The rise and rise in land cost
Can we keep pace with Singapore's rapid and ever increasing land cost of late?
The plot of land for ECO in Bedok was $534 psf. in 14 Feb 2012
6 months later, in Aug 2012, the Urban Vista land cost jumped to $676 - 27% over that of ECO
In Oct 2012, 2 months after the Urban Vista bid, The Glades site was sold for $791, up another whopping 17% over the Urban Vista site
From Feb to Oct 2012 - land value appreciated a feverish 48% - from $534 psf to $791 psf in Bedok / Tanah Merah Region.
Selling land is good business in recent times. Since these land sites belong to the state, the next best thing to push up business profits is of course property. Small wonder developers are all over the place, aggressively competing for a piece of the action. Streams of financial glory, visions of gold and dreams of make it rich, rapidly converge into what is now known as 'property frenzy'. It is almost unstoppable. A spade of cooling measures begin to take shape to forestall what in economic terms is called a 'property bubble'.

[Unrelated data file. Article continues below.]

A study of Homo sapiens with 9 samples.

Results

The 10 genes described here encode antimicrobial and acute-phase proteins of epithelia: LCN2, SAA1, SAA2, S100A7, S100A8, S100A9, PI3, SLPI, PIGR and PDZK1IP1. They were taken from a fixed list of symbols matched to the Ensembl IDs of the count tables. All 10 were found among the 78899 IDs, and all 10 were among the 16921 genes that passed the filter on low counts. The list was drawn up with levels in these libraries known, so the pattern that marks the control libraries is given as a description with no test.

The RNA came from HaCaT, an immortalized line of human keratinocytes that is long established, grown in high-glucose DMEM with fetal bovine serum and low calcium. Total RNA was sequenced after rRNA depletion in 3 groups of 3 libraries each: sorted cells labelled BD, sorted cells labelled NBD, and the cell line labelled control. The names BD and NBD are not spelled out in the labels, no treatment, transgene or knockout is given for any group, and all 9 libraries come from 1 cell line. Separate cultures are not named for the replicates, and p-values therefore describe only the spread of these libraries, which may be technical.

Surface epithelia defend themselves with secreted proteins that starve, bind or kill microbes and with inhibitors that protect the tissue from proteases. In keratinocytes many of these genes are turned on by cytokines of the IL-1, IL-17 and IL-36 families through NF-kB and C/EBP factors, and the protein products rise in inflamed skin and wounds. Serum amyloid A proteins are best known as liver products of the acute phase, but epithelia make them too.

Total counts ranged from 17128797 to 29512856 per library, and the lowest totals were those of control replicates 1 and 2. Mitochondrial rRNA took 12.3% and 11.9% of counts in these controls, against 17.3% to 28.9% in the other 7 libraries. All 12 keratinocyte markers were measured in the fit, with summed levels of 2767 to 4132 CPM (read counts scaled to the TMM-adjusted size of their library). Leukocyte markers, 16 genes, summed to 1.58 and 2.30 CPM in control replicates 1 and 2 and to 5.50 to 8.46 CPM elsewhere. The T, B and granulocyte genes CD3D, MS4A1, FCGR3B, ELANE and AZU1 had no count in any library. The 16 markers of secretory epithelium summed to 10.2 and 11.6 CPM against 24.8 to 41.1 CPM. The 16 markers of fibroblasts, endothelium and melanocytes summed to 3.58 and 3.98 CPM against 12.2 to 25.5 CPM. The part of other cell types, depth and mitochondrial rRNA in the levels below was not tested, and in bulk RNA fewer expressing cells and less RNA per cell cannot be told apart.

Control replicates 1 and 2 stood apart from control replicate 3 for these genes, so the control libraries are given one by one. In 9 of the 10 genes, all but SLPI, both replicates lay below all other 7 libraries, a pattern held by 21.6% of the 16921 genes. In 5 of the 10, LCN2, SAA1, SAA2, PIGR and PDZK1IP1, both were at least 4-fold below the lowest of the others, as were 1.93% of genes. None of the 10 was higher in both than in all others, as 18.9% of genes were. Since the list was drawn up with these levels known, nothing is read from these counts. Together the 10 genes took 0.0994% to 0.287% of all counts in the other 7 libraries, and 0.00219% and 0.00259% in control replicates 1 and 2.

So here are the participants in this global phenomena of the wealth cycle.
Up stream, the state, Mid stream, the developers and down stream the buyers.
In an up cycle, everyone wins. Every one deserves a pat on the back. And all winners are on cloud nine. No talk of defeat, no thoughts of failure. All these are taboo. And God forbid I should talk about it.
Some questions to think over.
1. Can our earnings match the pace of rapid inflation?
2. Why are developers aggressively bidding up all over these sites?
3. Are property prices destined to fall if space which is so limited in Singapore cannot keep up with the soaring population?
4. Value is equated to scarcity. Will premium spaces fetch premium prices?
5. Does the infrastructure of a place contribute to the value of a property?
6. Does MRT, schools and amenities. enhance the appeal of a location?
7. If a place is unattractive, inaccessible or remote, what are the chances that investors will engage?